Do we have a “sin-problem” or an
Most yoga devotees and New Age or Far Eastern
religionists believe man’s problem is not sin, but ignorance. However, the
subjects of "sin" and the "lower nature" are often
addressed in the Scripture base of Hinduism, Buddhism, Jainism and Sikhism,
and sometimes with strong langage. For instance, the Bhagavad-Gita warns
against the "triple gate of hell": lust, anger and greed. (See
If ignorance is the source of man’s dilemma, the
logical deduction is that salvation comes through knowledge. Yogi Bhajan
posed the question, "Who is the savior? It is your own higher
consciousness which can save you from your own lower consciousness."1
The premise behind this statement is that human beings are asleep to the
fact that they are truly divine. They need to be enlightened, awakened to
this realization of their ‘higher Self.’ They certainly do not need to
view themselves as sinners. During the first World Parliament of Religions
in Chicago (1983) Swami Vivekananda, founder of the Vedanta Societies,
offered the curious comment, "It’s a sin to call a man a
sinner." Of course, this obvious play on words contradicts itself,
because to sin makes one a sinner.
Many of my peers in the study of yoga felt the use of
this term was negative, even repulsive—and I must admit that I did too.
Yet this word is inseparably integrated into the teachings of Jesus and the
purpose for which he came? The angel that foretold Jesus’ birth instructed
Joseph, "You shall call his name Jesus, for He will save His people
from their sins." (Matthew 1:21) According to this
heaven-sent herald, providing salvation from "sin" was the
primary reason for the Lord’s entrance into this world.
During his earthly ministry Jesus often used this word
and dealt with the concept behind it. Once he even protested, "Whoever
commits sin is a slave of sin." (John 8:34) And there is
no more powerful statement than Jesus’ forceful declaration to those who
rejected his claim to Messiahship, "If you do not believe that I am he,
you will die in your sins." (John 8:24) Such phrases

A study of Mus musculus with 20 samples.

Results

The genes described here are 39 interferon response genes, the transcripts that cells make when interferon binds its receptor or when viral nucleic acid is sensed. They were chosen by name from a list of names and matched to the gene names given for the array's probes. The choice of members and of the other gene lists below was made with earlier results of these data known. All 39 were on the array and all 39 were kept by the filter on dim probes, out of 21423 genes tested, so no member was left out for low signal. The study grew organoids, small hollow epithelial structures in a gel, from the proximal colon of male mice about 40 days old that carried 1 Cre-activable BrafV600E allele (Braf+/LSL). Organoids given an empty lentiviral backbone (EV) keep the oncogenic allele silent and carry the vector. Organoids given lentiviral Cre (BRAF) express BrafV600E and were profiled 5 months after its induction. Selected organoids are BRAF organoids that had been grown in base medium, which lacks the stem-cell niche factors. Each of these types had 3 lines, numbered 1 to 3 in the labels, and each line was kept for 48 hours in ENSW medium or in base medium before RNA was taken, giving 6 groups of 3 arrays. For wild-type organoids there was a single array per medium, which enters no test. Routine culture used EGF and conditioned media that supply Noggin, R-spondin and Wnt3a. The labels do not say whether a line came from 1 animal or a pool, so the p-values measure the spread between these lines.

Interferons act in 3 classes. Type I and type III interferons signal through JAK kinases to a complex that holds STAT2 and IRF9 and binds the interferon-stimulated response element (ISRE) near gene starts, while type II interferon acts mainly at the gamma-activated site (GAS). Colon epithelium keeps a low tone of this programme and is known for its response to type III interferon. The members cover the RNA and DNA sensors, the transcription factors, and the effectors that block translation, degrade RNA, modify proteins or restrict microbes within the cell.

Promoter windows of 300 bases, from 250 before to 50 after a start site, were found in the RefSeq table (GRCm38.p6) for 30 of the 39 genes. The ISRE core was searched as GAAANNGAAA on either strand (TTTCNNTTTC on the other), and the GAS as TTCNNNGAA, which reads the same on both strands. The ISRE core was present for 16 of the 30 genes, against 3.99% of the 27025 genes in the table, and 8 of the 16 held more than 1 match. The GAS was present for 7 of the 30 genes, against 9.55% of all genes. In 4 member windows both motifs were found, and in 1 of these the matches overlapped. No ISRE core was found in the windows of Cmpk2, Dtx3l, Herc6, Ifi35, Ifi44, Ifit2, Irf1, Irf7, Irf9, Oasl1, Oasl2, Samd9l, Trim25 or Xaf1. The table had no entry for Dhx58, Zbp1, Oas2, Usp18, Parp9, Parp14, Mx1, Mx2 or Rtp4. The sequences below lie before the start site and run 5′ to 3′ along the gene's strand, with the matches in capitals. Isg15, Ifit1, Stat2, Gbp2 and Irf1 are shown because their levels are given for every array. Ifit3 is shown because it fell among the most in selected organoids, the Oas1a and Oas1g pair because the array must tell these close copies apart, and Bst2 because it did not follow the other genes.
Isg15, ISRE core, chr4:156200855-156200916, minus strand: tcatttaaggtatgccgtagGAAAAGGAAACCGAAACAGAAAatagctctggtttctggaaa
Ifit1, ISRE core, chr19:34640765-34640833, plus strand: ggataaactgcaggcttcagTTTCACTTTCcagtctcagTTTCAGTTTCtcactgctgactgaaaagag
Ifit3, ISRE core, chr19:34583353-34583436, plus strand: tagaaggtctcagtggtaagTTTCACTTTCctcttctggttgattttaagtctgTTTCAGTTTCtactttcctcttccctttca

would be inconsistent with a real ‘Avatar’—(for those who believe that
to be his identity)—if the dilemma of the human race is just an ‘ignorance
The teachings of Gnosticism often challenged the early
church and its doctrine. The Gnostics proposed that ‘salvation’ is
achieved through knowledge (gnosis). Once seekers are awakened to the
‘knowledge’ of their divinity they are lifted above the confines of
sense consciousness. When this happens, they conquer negativity in their
lives and begin to live on a higher plane of saintliness. So revelation
knowledge, not repenting of sin, emerged as the answer. Most likely in
response to the Gnostics of his day, the apostle John wrote, "If we say
that we have no sin, we deceive ourselves, and the truth is not in
us." (1 John 1:8) Erasing the concept of sin enables men to set
their own standards, instead of aligning with God’s. This can, at times,
make aberrant behavior allowable.
The main issue at stake is not the rightness or wrongness
of the idea of ‘sin,’ but rather, the interpretation of the nature of
the Godhead. If God is just an impersonal energy force, human beings are not
morally accountable to him. Hindu Scripture gives many guidelines concerning
a person’s moral and ethical behavior. Yet in the story of his conversion
to Christianity, former guru, Rabi Maharaj, pointed out, "Hinduism
teaches that each man’s dharma, or rule of conduct, differs and
must be discovered individually; there is no moral code binding upon
all."2 This runs parallel to the concept of relativism, the
idea that behavioral choices should not be governed by predetermined rules
and regulations, but by the sensation of the moment.
If God is a personal Creator, there are definite, moral
absolutes to which all human beings must conform. Because God authors these
laws, failure to observe them is considered a transgression or a ‘sin’
against him. A personal God, in great love and fatherly concern, watches
over the thoughts, attitudes and actions of human beings to see if they are
in conformity with his will. Those who come to God, acknowledging his
standard of proper behavior, are privileged to receive pardon and cleansing
upon repentance over wrong choices. The next step is for them to lovingly,
worshipfully submit to God’s rules and oversight. This should be done in
the realization that God’s purpose in giving guidelines is not to
dominate, but to liberate. He knows what kind of behavior has a destructive,
binding and blinding effect on us and what ushers us into a place of
freedom, bounty, illumination and blessing. His boundaries really are for
our protection and comfort.
The Scripture warns that when lust (selfish desire) has
"conceived, it gives birth to sin; and sin, when it is full-grown,
brings forth death" (emotional death, mental death, spiritual death,
physical death and ultimately, eternal death). (James 1:15) But Jesus
came to give "life…and that more abundantly." (John 10:10)
Teaching on the concept of sin fills the Bible, as does the cure for this
great dilemma of the human race.
This does not negate the fact that ‘knowledge’ is
essentially important. The Scripture announces that "the LORD is a God
of knowledge" and "through knowledge the righteous will be
delivered." (I Samuel 2:3, Proverbs 11:9) It also instructs that
those who are bound to their lusts are living in "ignorance." (1
Peter 1:14) So being ‘awakened’ out of ‘ignorance’ by the
influence of the Spirit of God is, and will always be, a primary concern.
However, understanding that we have a ‘sin-problem’ is inextricably a
part of this ‘knowledge-awakening."
1 Yogi Bhajan, The Teachings of Yogi Bhajan, The Power
of the Spoken Word, p. 129, #510.
2 Rabi R. Maharaj, The Death of a Guru, p. 159.